Coronavirus Restrictions: Italian estate planning. How We Can Help.
It is natural, given the Coronavirus disease (COVID-19) pandemic, that we think about our own mortality.
We are feeling anxious about the future and want to create some certainty in our lives by putting our affairs in order. Our attention turns itself to planning for succession. We also find ourselves with more time on our hands to resolve things that have been on our, “to do list” for a while.
Owning assets in more than one jurisdiction inevitably leads to conflicts of law which are not always immediately obvious. It is important therefore to make sure your estate is in order.
For those of you with some form of estate planning in place, such as a Will, take some time to review it. Has your situation changed since you wrote your Will? Should anything be changed or updated?
This is also a good time to organise all your important paperwork, so it is easy to find if an emergency occurs.
For those of you who don’t have an estate plan in place, now is a great time to put plans in place. The best starting point is to make a Will, but you might also want to think about conferring a lasting power of attorney (Procura Generale), which can be enormously helpful if you face disability or crippling illness.
Coronavirus Restrictions. Are Italian law firms still open?
Following the implementation of the Italian government’s Coronavirus social distancing and confinement measures, law firms have stopped physically welcoming clients. However, many Italian lawyers nationwide, are still available, albeit remotely.
Our legal partners at De Tullio Law Firm continue to process files and can be reached by telephone, e-mail or via videoconferencing. They can therefore still advise you on drafting or updating your Will and putting a lasting power of attorney in place.
Estate planning during Coronavirus Restrictions. Why should I make an Italian Will?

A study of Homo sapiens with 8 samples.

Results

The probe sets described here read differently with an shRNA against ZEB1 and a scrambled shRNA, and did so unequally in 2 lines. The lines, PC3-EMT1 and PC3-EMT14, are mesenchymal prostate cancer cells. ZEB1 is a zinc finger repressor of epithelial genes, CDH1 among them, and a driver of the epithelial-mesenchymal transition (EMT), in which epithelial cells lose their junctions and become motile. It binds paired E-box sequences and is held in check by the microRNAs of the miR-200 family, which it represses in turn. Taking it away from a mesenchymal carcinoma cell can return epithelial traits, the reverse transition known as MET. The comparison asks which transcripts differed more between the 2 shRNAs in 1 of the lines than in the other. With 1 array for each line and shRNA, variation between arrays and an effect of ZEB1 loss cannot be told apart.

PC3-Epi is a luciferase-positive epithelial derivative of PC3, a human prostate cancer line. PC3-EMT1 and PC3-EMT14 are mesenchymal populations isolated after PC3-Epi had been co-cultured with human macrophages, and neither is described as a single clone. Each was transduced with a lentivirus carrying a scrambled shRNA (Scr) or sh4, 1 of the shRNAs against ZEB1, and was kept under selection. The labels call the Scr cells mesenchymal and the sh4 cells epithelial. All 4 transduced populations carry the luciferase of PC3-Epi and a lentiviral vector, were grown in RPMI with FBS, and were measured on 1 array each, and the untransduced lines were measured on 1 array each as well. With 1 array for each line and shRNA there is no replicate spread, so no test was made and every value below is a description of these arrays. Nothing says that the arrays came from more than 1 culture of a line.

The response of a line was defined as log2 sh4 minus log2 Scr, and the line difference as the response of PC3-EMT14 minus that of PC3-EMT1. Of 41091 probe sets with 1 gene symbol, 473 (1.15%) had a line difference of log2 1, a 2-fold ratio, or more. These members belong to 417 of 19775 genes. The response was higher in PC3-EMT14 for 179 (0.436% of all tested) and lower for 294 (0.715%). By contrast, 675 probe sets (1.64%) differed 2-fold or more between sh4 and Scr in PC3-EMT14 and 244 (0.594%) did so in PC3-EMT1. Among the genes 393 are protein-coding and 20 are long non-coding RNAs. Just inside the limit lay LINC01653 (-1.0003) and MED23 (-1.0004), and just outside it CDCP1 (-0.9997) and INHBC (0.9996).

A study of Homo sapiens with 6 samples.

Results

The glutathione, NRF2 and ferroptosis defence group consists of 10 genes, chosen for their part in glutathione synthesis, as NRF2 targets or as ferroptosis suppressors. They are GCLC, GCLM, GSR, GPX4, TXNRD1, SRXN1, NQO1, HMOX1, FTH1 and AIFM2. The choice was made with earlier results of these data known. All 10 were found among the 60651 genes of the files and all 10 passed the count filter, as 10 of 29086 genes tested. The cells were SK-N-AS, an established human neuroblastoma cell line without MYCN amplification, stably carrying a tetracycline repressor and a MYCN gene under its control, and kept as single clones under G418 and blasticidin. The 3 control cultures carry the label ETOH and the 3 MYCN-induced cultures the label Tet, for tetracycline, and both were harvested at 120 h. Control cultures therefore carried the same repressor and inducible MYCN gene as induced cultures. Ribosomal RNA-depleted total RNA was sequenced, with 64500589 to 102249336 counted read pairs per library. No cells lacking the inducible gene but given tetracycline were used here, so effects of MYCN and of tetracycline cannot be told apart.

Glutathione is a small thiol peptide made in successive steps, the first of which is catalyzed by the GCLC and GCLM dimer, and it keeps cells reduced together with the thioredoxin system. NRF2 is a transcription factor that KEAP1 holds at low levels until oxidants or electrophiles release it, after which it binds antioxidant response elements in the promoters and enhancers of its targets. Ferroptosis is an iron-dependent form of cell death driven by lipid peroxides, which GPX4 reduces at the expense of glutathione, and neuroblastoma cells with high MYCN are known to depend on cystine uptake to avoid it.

The main advantages to having an Italian Will are:
minimising misunderstandings/conflicts among heirs
facilitating legislative, language and jurisdiction matters with the Italian authorities
reducing inheritance tax on properties and assets
simplifying the inheritance procedure
If a foreign national decides to dispose of Italian assets by means of an Italian Will, an Italian attorney, can advise on all aspects of Italian Inheritance Law. If possible the Italian Attorney should be familiar with both Italian and the client’s national jurisdictions.
Italian Inheritance Law provides that a minimum part of the assets must be donated to what are known as, “Forced Heirs”. These are immediate family members: the testator’s spouse and/or the children, or other parties to whom a testator cannot legally deny a portion of assets. You may, however, freely dispose of the rest of your assets, known as the available portion, in order to bequeath them to persons other than your “Forced Heirs”.
It is important to follow the complex Italian inheritance procedure accurately. Engaging the services of a competent and experienced Italian Lawyer is therefore highly recommended.
It is also important to remember that in order to be entitled to draft an Italian Will the testator should be at least 18 years old, be of sound mind and be the legal owner of the assets contained in the Will.